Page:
I have met thousands of business owners over the decades, and the majority of small to medium-sized business owners/entrepreneurs are “do-it-yourselfers.”
Most have survived many challenges along with some failures but have continued to work diligently which is why they are successful today. They believe in themselves, as they should, and many believe they do not need an M&A advisor – they can do it themselves.
Many studies have been completed over the years by various associations and the conclusions are consistent:
- A competent, experienced M&A advisor will:
Remove a great deal of emotion from the owner, allowing them to make logical common-sense decisions
Filter out literally the hundreds of tire kickers who want to learn about the business, saving the owner hundreds of hours of wasted time,
Allow the owner to stay focused on operating their business,
Generally, receives between 15% and 25% higher price than if the owner did it themselves, and
Most importantly, will maintain confidentiality.
- Transitioning a business is a once in a lifetime occurrence. The business owner should select anM&A advisor who is really a strategic partner, who listens, rather than speaks, who is interested in a long-term relationship, will work to earn the owner’s trust, and will be able to utilize their knowledge and experience to achieve the owner’s best interests.
- Owners should plan 3 to 5 years in advance of their desired transition date to ensure that the right structure is in place and that they are making:
- The right decision at
- The right time for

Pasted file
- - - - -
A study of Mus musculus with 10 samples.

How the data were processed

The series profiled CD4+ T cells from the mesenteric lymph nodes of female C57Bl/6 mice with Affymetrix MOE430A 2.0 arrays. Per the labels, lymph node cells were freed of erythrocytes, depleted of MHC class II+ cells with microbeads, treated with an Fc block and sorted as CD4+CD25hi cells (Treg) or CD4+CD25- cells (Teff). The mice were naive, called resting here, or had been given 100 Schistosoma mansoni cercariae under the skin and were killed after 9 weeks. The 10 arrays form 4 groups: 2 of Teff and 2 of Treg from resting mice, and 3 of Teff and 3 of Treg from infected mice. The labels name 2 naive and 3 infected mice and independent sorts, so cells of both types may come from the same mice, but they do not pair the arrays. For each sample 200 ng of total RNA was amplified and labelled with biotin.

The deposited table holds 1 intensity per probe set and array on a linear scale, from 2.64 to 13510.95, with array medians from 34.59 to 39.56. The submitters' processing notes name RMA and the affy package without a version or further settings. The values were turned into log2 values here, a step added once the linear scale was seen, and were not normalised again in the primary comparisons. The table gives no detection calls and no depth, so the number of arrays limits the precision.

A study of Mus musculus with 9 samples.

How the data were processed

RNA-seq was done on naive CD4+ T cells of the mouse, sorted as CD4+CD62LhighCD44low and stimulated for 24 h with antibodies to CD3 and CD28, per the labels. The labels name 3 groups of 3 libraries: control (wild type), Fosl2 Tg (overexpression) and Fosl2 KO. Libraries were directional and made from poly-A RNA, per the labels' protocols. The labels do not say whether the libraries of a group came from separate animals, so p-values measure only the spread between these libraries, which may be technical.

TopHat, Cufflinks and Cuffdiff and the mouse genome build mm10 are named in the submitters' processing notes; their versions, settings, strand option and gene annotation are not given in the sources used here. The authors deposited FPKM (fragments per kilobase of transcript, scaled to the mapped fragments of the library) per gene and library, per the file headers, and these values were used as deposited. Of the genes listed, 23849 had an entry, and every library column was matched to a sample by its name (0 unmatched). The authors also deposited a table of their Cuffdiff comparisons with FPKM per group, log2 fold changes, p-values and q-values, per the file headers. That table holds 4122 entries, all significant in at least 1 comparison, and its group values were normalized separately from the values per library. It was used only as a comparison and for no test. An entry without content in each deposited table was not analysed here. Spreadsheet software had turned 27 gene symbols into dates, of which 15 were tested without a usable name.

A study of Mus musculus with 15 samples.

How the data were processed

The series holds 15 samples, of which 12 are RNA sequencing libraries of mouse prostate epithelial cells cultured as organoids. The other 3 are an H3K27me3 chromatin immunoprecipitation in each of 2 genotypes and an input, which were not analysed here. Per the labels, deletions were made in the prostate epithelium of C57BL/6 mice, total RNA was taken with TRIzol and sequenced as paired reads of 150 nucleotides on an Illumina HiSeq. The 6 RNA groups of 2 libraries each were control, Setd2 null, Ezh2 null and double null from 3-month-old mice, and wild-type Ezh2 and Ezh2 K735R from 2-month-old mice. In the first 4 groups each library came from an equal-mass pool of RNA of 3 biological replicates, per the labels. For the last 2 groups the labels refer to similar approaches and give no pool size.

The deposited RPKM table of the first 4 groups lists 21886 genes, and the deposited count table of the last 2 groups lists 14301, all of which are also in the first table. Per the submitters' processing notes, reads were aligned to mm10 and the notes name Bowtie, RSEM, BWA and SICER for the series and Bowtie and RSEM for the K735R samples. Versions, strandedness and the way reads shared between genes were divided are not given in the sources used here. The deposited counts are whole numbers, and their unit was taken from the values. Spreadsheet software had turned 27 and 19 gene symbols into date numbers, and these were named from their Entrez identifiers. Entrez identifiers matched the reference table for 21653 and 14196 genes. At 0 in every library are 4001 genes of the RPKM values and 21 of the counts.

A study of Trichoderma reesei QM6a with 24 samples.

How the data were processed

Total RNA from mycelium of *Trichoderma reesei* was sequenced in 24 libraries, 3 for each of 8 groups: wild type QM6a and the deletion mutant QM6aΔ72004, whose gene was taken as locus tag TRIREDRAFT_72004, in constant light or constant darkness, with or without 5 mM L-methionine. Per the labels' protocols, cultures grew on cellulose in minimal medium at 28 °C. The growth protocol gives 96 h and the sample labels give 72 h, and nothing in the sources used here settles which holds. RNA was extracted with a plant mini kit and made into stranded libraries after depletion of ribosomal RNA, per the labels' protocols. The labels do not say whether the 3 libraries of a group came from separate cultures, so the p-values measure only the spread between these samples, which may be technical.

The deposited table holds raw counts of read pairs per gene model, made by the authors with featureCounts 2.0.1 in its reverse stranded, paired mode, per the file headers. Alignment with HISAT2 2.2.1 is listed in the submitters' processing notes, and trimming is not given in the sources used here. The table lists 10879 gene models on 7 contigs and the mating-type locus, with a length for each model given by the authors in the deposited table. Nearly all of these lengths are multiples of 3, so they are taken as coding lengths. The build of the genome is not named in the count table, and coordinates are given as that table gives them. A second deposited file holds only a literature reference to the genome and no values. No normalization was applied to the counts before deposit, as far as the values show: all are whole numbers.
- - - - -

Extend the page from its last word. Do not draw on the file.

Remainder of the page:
- The right reasons™
- The TheM&A advisor needs to not be afraid to honestly speak up when they think the owner needs to hear something they may not like or want to hear.
- Owners need to understand the complexities of the sale of a business, so they really need someone with deep experience on their team. They should look for the 3 Cs: Competence, Compassion and integrity, and Communicates at the owner’s level, don’t talk above them.
- Selling a business takes time, both in working hours and elapsed time
- Working hours vary from assignment to assignment, but generally run 400 to 800 hours or even more, depending on circumstances that evolve as the assignment progresses.
- Elapsed time usually runs from 9 to 15 months, occasionally less and often more. Many things are beyond the direct control of the M&A advisor such as tax structuring, the economy, environmental, legal, licensing, leases, customers, suppliers, contracts, and licenses, along with other professionals such as accountants, bankers, and lawyers.
- In a long-term relationship, the commission from a sale at the end of the project may not be a fair way to compensate anM&A advisor
- Many Advisors charge fees for various activities and usually credit a portion to the commission
- Owners must be totally honest and straightforward while working with anM&A advisor. They can deal with most problems if they are aware of them in time, but it is often difficult, if not impossible to deal with surprises.
The Bottom Line
When choosing an M&A advisor, a business owner should look for more than just a dealmaker. The owner needs a strategic partner to place them into the position of ‘highest authority’, so they can continue operations in the normal course, not be concerned about confidentiality, nor the details of the transition, and simply say yes/no to proposals.
About the Author Doug Robbins, President and Founder of Robbinex Inc.
Doug is an internationally renowned Canadian Business Intermediary and Business Broker. He is a seasoned businessman having completed more than 1,000 assignments relating to advising clients on Mergers and Acquisitions (M&A); valuations; transferring businesses to the next generation; partnership resolutions; refinancing; along with numerous other consulting activities. He has completed more than 400 business sales; and invested in 32 businesses. As a licensed Real Estate & Business Broker in the Province of Ontario, Doug has always actively supported the M&A profession through investing significant time and energy by way of memberships, lecturing, and presenting workshops for numerous M&A organizations.